Wal-Mart, Exxon, Diebold, several U.S. Congressfolks, the Department of Justice, and the CIA have all been caught with their hands in the wiki jar, juicing their own entries. Sure, sometimes it's to correct inaccuracies, but most of the time it's to make themselves look better. Naughty, naughty, you soulless government and corporate entities. No more cookies for you.
I'm all for a more accurate Wikipedia, especially now that it appears to be the primary source for a few billion student papers each year. But determining what constitutes a neutral point of view for all of humanity? Good luck with that.
As the Wikipedia self-referentially notes:
Critics of Wikipedia accuse it of systemic bias and inconsistencies, and target its policy of favoring consensus over credentials in its editorial process. Wikipedia's reliability and accuracy are also an issue. Other criticisms are centered on its susceptibility to vandalism and the addition of spurious or unverified information, though scholarly work suggests that vandalism is generally short-lived.
I removed the six footnotes from that blurb, but if you absolutely must know the sources you can find them here.
In their own way, the Wikipedians are as cultish and protective of their public image as the group they just banned. And if you don't believe that, ask AndroidCat, GoodDamon, FloNight, BravehartBear, and all the other Wiki high priests who weighed in on the seven-month arbitration hearing on whether to ban the L. Rons.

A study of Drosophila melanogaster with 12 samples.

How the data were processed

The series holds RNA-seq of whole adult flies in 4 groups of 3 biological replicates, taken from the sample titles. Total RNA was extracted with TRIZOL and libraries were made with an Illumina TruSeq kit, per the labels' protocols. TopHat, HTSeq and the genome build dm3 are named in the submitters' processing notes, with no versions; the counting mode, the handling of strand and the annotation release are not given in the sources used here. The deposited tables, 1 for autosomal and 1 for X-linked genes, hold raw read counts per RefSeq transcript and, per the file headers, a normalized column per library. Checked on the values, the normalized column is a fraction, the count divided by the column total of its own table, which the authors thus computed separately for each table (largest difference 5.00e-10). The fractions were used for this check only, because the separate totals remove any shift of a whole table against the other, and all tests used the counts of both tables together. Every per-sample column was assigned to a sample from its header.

I also understand that in the Great Wiki-wakening, the almighty and surpreme Jimmy Walu will ride down from heaven in a carriage pulled by a team of perky supermodels to smite the sockpuppets, soapboxers, trolls, griefers, vandals, etc., and bestow a righteous and true edit upon the heads of the chosen. Then again, I think I read that on Wikipedia, so Lord knows if it's true.
Of course, if you don't like Wikipedia, there are a few dozen other encyclopedias catering to whatever belief systems you prefer. There's the Conservapedia for people who believe in conservative Christianity, the Citizendium for people who believe that expertise is spelled "Ph.D.," the CreationWiki for people who believe the Earth is just 6,000 years young, and the Unclyclopedia for people who don't believe in encyclopedias.
Your own personal truth, served up just the way you like it. Isn't that why Al Gore invented the Internet in the first place?
Should Wikipedia ban entire groups? If so, who should be next on their list? Post your thoughts below or e-mail me: firstname.lastname@example.org.